Australia’s Closing Statement
4 September 2013
Madame Chair, distinguished members of the Committee.
I thank you for the opportunity to discuss Australia’s implementation of the Convention.
People with disabilities are highly valued members of Australia’s families, communities, workplaces and institutions. Australia is committed to removing the barriers that are faced by people with disabilities and accommodating their diverse needs, to enable them to enjoy their rights on an equal basis with all other Australians.
Australia is a rich country and the Committee is right to hold us to a high standard in implementing our obligations under the Convention. We believe that we are making significant progress in this regard.
Australia is proud of our record under the National Disability Strategy. Its successes in increasing employment, enhancing social participation and improving health care and personalised programs of individual support are clear.
DisabilityCare Australia is just one of a suite of initiatives that clearly demonstrates our commitment to promoting and protecting the rights of persons with disabilities. Australia’s National Disability Insurance Scheme is an enormous step forward for Australia.
DisabilityCare Australia has the full support of the Commonwealth and state and territory governments and requires significant financial and resource commitments from these governments - $19.3billion Australian Dollars. The DPO and NGO support for this Scheme is well known and irrefutable. The development and implementation of this initiative has been a journey of collaboration over several years. It will mean that every single Australian who has significant and permanent disability will have a tailored personal plan to allow them to participate fully in society. DisabilityCare Australia complements the long-standing medical health arrangements that Australia has for all citizens under its medical health scheme, Medicare.
We recognise that women, children and Indigenous Australians with disabilities may face multiple intersecting disadvantage. The Australian Government is taking steps to ensure the specific needs of these vulnerable groups are considered during the development and implementation of relevant policies and programs, including DisabilityCare Australia.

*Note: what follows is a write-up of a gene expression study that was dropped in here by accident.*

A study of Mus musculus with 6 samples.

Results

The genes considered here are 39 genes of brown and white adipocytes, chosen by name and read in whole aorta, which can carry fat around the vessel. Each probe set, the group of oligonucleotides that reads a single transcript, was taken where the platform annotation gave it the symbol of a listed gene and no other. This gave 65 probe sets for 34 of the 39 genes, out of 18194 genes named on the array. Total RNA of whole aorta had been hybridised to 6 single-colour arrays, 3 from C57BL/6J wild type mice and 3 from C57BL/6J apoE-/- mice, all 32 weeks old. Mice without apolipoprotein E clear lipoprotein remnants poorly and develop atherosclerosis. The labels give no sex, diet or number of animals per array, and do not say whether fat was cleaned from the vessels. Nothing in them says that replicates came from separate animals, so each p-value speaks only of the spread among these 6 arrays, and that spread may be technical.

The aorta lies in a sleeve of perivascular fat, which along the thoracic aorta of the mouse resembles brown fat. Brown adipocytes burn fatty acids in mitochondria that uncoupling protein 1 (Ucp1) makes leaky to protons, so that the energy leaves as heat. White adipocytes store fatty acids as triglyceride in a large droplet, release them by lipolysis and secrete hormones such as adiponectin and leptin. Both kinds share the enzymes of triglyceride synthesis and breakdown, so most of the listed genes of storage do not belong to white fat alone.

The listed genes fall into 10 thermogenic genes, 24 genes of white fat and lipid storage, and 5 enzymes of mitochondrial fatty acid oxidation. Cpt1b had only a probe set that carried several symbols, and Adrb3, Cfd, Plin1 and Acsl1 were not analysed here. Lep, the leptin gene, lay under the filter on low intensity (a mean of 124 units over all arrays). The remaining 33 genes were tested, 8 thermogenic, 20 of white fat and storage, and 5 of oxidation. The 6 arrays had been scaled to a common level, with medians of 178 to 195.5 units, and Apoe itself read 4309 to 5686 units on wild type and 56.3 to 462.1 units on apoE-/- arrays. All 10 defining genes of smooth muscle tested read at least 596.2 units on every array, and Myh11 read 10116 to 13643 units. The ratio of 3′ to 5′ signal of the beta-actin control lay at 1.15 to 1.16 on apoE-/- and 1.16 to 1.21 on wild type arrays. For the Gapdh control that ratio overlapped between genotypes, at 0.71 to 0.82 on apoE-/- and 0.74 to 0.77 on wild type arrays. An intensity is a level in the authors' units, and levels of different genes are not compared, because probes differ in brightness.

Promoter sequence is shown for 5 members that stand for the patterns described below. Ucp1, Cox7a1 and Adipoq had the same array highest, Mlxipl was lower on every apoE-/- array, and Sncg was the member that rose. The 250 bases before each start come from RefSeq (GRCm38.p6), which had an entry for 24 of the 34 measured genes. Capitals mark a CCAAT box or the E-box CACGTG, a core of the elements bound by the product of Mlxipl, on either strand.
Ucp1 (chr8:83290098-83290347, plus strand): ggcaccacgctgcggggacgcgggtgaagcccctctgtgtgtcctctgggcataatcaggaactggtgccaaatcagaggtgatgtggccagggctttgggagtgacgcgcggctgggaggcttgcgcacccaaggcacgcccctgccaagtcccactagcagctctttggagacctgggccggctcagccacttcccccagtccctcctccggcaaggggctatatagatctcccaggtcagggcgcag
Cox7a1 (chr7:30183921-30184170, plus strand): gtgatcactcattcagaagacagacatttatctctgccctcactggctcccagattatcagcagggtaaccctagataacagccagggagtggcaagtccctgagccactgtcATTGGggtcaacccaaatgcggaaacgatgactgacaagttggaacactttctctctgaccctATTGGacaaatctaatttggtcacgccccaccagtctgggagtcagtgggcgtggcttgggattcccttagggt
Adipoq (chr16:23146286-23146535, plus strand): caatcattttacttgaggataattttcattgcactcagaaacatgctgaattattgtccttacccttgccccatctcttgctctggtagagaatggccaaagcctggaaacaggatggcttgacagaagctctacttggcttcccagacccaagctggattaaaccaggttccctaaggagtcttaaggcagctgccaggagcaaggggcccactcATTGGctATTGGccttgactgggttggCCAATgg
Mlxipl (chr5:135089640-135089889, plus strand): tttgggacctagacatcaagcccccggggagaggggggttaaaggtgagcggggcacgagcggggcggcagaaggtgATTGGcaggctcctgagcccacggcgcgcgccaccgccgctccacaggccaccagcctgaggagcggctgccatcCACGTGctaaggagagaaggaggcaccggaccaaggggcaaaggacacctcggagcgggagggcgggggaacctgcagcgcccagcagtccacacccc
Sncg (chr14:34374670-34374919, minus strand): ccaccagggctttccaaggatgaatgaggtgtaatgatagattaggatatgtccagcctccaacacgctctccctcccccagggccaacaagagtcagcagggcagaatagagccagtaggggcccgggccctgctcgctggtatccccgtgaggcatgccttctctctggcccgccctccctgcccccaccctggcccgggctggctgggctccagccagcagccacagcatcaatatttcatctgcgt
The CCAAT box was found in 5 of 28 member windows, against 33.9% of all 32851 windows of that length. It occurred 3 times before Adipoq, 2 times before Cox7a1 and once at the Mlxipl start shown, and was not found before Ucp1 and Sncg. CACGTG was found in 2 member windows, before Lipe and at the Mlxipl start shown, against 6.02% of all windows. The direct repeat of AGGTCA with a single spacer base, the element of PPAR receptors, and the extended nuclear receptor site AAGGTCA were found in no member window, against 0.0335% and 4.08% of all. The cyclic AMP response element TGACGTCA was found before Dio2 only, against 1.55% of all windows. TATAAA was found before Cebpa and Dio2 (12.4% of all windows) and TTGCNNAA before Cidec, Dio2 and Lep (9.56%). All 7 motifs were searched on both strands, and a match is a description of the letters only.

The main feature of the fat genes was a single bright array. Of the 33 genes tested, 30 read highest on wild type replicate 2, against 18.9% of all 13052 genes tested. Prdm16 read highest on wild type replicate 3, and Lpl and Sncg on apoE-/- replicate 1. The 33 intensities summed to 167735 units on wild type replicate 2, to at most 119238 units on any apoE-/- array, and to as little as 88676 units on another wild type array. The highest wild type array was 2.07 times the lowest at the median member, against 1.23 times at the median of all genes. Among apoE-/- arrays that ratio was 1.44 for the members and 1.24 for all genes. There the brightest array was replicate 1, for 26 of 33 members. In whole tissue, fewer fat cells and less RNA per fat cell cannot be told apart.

Under the Disability Discrimination Act, Australia is extremely inclusive and the Act quite rightly sees impairment as a trigger for engagement with persons with disabilities. It is not a requirement that persons with disabilities have a medical condition per se. It is, in fact, the interaction between the impairment and its social manifestation for the individual that triggers assistance, access and support.
As we have demonstrated, the Convention underpins much of Australia’s work to advance disability rights. Our laws – the Disability Discrimination Act and the Disability Services Act, give effect to the Convention. And the Human Rights (Parliamentary Scrutiny) Act 2011 ensures compatibility with the Convention is actively and publicly considered when new laws are introduced into the Australian Parliament.
Australia’s work through the aid program is shaped by the Convention and has a strong focus on active participation and contributions by people with disability. Australia is a world leader in this regard.
We thank the Committee for its time.